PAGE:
Much has been made of the vocal performance that Scarlett Johansson delivers as the title character in Spike Jonze's latest film, "Her," about a computer operating system named Samantha who falls for her human owner Theodore Twombly (Joaquin Phoenix).

There's another perfectly cast voice in the movie too -- a foul-mouthed alien child who appears inside a videogame played by Theodore. The actor? Jonze himself. "It might be his best role yet," jokes the helmer's longtime editor, Eric Zumbrunnen. Asked why the filmmakers didn't enlist a real child for the part, Zumbrunnen instantly responds, "We did!"

"Childlike" is a word used often by those who know Jonze best, including a tight-knit group of collaborators the filmmaker ferries from set to set, some of whom he's worked with for nearly 20 years. "He's a handful," says Johnny Knoxville, who collaborated with Jonze as an actor on MTV's "Jackass" series and movies, among them their latest hit, "Bad Grandpa." Adds Knoxville, "There's a lot of laughter and wrestling and pranking on a set. But in addition to a childlike enthusiasm for all things, he has an amazing, critical-thinking adult mind."

That dichotomy is on full display this month with two projects that couldn't be more disparate. Jonze receives a story and producer credit on "Bad Grandpa," in which Knoxville is disguised as an elderly man and pranks unsuspecting bystanders. And "Her," Jonze's fourth directorial feature, hits theaters Dec. 18. Like his previous turns in the driver's seat, it defies easy classification.

Jonze is, after all, the filmmaker who took us inside the mind of a character actor in "Being John Malkovich" and captured the most meta case of writer's block in "Adaptation" before bringing the classic children's book "Where the Wild Things Are" to life.

Jonze's latest endeavor, "Her" -- which just won awards for director and film from the National Board of Review -- is at its heart about a relationship. It just happens to be between a man and the voice of his computer. Jonze's script and direction takes what could have been a one-note premise and makes it a heartfelt love story.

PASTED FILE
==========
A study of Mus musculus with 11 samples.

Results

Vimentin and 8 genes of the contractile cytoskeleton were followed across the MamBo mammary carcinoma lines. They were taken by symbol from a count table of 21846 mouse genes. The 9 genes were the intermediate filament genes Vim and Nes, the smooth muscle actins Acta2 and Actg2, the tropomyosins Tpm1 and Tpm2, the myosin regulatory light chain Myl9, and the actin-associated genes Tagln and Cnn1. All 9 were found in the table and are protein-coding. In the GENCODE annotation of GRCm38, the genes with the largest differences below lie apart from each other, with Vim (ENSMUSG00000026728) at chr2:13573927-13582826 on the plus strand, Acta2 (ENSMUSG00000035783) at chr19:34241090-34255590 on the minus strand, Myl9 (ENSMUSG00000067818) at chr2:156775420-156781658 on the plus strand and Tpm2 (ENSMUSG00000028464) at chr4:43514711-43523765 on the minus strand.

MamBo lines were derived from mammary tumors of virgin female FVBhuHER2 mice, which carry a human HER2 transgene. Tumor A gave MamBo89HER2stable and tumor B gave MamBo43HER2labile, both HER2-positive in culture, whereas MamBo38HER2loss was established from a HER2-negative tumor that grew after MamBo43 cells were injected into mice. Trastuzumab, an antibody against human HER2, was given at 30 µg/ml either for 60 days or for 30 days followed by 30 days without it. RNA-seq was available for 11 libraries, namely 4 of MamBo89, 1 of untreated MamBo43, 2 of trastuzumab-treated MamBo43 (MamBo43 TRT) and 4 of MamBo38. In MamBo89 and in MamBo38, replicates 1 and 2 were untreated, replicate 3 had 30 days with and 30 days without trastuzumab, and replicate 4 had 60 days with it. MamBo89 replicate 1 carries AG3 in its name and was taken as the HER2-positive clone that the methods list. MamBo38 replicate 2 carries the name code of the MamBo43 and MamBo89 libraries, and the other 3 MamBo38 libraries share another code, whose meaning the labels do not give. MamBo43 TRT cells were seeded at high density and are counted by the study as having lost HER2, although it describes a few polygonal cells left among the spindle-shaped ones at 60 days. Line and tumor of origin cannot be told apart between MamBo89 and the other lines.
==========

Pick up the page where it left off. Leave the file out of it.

"In other people's hands, this material could have been impossible," says Sue Kroll, president of worldwide marketing and international distribution at Warner Bros., which is releasing the film. "But he's a genius."

Jonze, 44, is one of the entertainment industry's most enigmatic talents.

It can be hard for some to reconcile that the person who helped launch youth-culture, male-targeted magazines Homeboy and Dirt, and once helped kidnap Brad Pitt on "Jackass," is the same artist behind the idiosyncratic critical darlings he has fashioned for the bigscreen.

"I'm not sure why that is. I just want to do things that excite me -- that make me laugh or touch me or confuse me," says Jonze, whose career spans everything from musicvideos and commercials to films, television and publishing.

Tucked away in a private booth at a restaurant in the Four Seasons in Beverly Hills, Jonze hardly looks like an edgy auteur or mischievous prankster. Casually dressed as usual, he has an unassuming air and is soft-spoken and unfailingly polite. The writer-director-producer-actor is more engaged by conversation with his interviewer than by answering questions only. As Kroll says, "He's interested in everything and everyone in the world. I'm always surprised when I meet people who are so engaged in that way -- especially in our business, because people look in a lot. And Spike is always looking out."

Little is publicly known about the prolific but press-averse Jonze. He was born Adam Spiegel; his father Arthur H. Spiegel III, ran a health-care consulting firm, and his mother, Sandy Granzow, is an author and artist. While he was famously married to filmmaker Sofia Coppola for four years until 2003, Jonze has never discussed the relationship publicly.

Despite the fact people know little about Jonze's private life -- or maybe because of it -- there is endless speculation on how personal "Her" is to him.

"Everything I've done feels really personal," Jonze says. "Even scripts that Charlie Kaufman wrote (including "Adaptation" and "Being John Malkovich") feel personal, which is why I was drawn to them. Even my musicvideos and 'Jackass,' I'm close to it all because it's all stuff I'm excited about."

Jonze, who is also well known for his musicvids for such artists as Weezer, Beastie Boys and Bjork, recalls that when he first started doing musicvideos, people were eager to label them as ironic. "I think something can be funny and sincere at the same time," he says.

It's not hard to find power players who rave about Jonze, personally and professionally.

Sony Pictures chair Amy Pascal championed Jonze's second picture "Adaptation," starring Nicolas Cage and Meryl Streep -- rather a bold move given the film's non-mainstream plot about a lovesick screenwriter who grows increasingly desperate in his attempt to adapt Susan Orlean's book "The Orchid Thief." "You gotta make some scripts you love," says Pascal, recalling the first time she met Jonze. "He came into my office and did magic tricks, and I was gobsmacked. He was smart and unassuming, and his genius creeps up on you when he's talking."